The three traits which digitally leading companies share: Disrupt or risk being disrupted

If only digital transformation in large organisations were as easy as flicking a switch; one day you are laggards, the next you are ahead of the chasing pack.

Alas, getting top-down buy in and replacing legacy technologies – as well as sourcing which technologies are right for your company – takes time. But a new piece of research from Alfresco Software and Forbes Insights shares key trends which differentiate the fastest growing players in the digital economy.

“Today’s corporate leaders must realise that they need to disrupt or risk being disrupted,” said John Newton, CTO and founder of Alfresco. “Those who are not yet thinking about how they will innovate with new approaches leveraging technology are at risk.”

Companies punching above their weight in digital are likely to excel at three things; a strategy of customer and user-first thinking; an open approach to the flow of ideas and concepts; and re-imagining their business model to support a shared economy.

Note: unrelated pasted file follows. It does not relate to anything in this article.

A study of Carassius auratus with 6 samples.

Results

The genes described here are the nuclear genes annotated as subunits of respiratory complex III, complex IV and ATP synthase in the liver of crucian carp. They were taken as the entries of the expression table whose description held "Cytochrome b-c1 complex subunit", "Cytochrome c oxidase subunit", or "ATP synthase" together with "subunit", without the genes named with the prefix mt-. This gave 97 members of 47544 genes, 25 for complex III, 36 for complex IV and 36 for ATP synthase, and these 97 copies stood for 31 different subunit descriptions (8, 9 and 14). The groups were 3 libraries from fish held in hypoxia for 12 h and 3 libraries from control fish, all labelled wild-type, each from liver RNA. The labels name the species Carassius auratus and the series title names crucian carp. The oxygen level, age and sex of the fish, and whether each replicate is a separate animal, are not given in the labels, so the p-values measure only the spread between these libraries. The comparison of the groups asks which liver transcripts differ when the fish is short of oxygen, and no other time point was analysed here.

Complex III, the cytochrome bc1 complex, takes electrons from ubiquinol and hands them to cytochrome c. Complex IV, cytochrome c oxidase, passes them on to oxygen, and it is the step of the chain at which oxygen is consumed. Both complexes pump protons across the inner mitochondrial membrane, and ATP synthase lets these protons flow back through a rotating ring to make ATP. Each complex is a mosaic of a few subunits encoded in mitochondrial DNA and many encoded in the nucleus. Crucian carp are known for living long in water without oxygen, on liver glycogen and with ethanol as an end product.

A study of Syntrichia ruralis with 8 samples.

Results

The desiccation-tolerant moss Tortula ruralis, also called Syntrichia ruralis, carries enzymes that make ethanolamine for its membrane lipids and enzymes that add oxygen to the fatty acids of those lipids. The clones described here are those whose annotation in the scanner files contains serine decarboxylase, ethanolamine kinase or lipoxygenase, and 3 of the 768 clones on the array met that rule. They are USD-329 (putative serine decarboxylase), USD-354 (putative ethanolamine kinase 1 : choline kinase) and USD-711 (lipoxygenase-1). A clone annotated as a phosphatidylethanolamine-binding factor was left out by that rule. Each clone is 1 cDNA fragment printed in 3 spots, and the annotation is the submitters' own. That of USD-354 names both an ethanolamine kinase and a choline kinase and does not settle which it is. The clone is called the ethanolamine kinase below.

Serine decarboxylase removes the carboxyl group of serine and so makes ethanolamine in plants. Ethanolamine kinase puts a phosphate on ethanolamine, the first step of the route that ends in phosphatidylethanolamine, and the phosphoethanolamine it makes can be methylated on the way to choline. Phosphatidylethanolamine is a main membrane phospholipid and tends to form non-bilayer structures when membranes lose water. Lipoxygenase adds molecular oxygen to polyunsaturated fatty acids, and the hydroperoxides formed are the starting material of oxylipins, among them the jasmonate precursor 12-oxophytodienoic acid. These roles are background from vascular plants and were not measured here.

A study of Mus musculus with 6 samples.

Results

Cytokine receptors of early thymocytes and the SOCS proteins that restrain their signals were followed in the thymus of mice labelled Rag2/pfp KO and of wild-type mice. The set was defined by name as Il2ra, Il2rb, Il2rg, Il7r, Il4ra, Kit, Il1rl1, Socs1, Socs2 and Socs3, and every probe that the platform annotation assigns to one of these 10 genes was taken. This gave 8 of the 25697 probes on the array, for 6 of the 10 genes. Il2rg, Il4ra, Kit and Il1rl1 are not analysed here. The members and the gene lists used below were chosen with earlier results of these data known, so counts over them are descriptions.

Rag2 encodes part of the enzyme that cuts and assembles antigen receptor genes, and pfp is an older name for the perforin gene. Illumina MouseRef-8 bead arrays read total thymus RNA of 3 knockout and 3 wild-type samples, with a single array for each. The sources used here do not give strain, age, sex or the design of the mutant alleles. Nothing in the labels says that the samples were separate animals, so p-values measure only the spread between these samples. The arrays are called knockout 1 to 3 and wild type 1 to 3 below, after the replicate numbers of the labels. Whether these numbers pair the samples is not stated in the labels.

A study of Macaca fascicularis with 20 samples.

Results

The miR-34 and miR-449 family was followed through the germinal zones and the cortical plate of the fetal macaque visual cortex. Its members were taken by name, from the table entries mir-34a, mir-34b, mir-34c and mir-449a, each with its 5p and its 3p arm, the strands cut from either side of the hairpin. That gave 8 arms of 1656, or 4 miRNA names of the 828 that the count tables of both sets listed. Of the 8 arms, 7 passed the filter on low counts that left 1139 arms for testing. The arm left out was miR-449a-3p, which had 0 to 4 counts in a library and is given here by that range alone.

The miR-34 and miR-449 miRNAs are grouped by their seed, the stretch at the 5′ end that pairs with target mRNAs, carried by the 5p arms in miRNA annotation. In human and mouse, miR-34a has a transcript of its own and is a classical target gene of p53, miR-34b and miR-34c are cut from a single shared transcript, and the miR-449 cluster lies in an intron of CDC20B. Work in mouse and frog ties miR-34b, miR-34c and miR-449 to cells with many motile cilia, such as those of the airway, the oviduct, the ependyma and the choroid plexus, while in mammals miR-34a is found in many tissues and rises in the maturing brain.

This is backed up by survey results polling more than 300 senior IT executives. 85% of fast-growing companies have dedicated user experience teams, with the same number saying a commitment to open standards is either important or very important.

Getting data from outside of the organisation – and sharing it – is also key, and it is an issue which is just starting to raise its head. Today, only 16% of fast-growing companies consume information from other customers, partners and suppliers – yet more than half (56%) plan to significantly increase this output by 2020.

This could go even further; a study from MIT Sloan Management Review from September recommended sharing data to customers, suppliers, and even competitors, could be vital. Businesses with good analytical capabilities were three times more likely to report having no trouble getting business value from the Internet of Things (IoT), the report added.

With one eye on the C-suite outlook however, Alfresco said leaders need to change their thinking in three ways, moving towards ‘design’, ‘open’, and ‘platform’ thinking, giving an example of the latter as Uber’s integration with Google Maps. The company calls this “the ability to extend your reach far and wide to attract more people to your platform.”